Wednesday, January 17, 2018

Navigating Numberless Word Problems

Do you struggle with students who have aversions to word problems? Do they just scan for numbers and perform any old operation on them without considering important context or relationships? Brian Bushart's blog is always an awesome read, but when I read about Numberless Word Problems last year, it was a total game changer for me in tackling this issue.

Numberless word problems are just what they sound like; word problems with the numbers (and question stems) removed, initially, to provide an opportunity for students to make sense of the relationships in the problem before rushing into computation. They are empowered to access the problem situation and employ their own wonderings, contexts, and questions to make sense of it. 

I have been working on NWP with some of the teachers I coach, and we have seen students ask lots of interesting and insightful questions about the situations presented, and many are even applying this idea of slowing down and working to understand what is happening in problems before rushing to compute.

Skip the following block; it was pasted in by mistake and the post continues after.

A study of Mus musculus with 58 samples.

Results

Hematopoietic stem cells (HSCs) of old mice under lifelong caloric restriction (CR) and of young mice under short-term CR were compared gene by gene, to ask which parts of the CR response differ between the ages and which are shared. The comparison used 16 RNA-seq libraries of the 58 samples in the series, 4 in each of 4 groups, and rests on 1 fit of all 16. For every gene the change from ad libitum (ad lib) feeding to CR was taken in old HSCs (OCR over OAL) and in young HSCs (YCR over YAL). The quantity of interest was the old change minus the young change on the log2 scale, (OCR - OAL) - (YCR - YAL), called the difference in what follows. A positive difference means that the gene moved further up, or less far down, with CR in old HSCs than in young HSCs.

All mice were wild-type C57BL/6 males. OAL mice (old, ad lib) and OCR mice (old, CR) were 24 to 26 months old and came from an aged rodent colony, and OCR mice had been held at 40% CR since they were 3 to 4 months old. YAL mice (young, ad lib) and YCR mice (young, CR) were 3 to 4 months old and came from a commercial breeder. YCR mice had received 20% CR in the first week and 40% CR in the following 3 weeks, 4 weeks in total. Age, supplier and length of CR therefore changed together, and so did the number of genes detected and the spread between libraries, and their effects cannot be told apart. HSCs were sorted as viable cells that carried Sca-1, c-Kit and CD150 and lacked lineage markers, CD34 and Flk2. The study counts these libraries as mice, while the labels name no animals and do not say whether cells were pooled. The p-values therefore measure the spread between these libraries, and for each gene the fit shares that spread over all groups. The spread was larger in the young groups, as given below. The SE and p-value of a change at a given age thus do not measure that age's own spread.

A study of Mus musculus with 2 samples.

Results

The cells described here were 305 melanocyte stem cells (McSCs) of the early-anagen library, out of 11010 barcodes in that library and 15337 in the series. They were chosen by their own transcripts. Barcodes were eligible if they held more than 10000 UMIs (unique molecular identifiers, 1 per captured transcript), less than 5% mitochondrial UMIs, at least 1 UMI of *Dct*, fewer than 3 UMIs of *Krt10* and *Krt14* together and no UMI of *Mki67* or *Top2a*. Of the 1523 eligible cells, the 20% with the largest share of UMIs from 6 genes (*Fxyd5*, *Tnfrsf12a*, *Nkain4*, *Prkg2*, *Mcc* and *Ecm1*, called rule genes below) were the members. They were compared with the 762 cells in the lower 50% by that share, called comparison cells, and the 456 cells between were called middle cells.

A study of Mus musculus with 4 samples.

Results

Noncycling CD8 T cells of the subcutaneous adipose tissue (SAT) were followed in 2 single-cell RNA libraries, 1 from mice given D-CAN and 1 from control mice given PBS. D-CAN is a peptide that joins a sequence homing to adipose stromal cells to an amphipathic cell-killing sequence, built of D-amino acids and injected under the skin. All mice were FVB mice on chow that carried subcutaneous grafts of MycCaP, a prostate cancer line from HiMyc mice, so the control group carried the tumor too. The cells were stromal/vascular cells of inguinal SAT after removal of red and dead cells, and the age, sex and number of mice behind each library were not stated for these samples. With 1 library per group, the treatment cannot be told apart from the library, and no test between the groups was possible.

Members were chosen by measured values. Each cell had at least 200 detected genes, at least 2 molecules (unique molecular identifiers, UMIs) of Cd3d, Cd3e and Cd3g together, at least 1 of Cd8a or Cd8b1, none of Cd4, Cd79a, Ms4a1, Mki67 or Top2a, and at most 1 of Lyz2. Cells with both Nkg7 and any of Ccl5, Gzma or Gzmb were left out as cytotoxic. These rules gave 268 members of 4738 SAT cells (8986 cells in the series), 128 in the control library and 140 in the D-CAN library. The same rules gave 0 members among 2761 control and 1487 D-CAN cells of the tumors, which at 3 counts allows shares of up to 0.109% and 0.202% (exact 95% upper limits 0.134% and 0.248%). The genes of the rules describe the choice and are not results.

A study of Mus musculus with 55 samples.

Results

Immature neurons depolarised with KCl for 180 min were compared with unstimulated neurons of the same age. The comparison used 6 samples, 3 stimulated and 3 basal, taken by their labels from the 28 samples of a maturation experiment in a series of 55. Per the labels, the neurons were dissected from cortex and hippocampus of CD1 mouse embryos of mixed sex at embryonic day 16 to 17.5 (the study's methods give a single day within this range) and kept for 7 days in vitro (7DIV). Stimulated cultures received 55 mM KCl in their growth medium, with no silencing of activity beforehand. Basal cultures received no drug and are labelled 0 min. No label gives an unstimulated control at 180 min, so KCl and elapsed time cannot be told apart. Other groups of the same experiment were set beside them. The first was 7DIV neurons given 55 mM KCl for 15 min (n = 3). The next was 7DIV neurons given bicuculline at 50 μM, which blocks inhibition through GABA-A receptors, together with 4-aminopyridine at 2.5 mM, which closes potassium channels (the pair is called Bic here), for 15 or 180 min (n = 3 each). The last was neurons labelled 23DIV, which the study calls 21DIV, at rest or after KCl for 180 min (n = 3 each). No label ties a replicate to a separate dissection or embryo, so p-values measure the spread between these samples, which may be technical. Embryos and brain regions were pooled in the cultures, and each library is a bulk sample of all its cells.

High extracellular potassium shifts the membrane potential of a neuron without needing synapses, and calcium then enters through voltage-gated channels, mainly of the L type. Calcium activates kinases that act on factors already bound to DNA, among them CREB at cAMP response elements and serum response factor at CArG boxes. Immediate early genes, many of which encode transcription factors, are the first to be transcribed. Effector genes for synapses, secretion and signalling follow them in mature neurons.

Recently, we have been adapting questions from the standardized test they use to get at the structure of those items through NWP math talks. 

This is the general structure we use to plan (it can certainly be modified depending on the problem, like in this geometry example). We also brainstorm questions we anticipate students might come up with and choose one for a final slide where we actually ask them to solve.

Here is an example from a test prep resource:

So where can you find Numberless Word Problems to use with your students?

  • Start with Brian Bushart's blog:
  • Develop them from existing problems found in your textbooks or other resources
  • Write them based on real school or classroom scenarios (i.e. planning for a field trip)
  • Get in on the Twitter action with #numberlesswp and share your amazing ideas!



  3. I agree, Haneen, thank you for sharing your thoughts!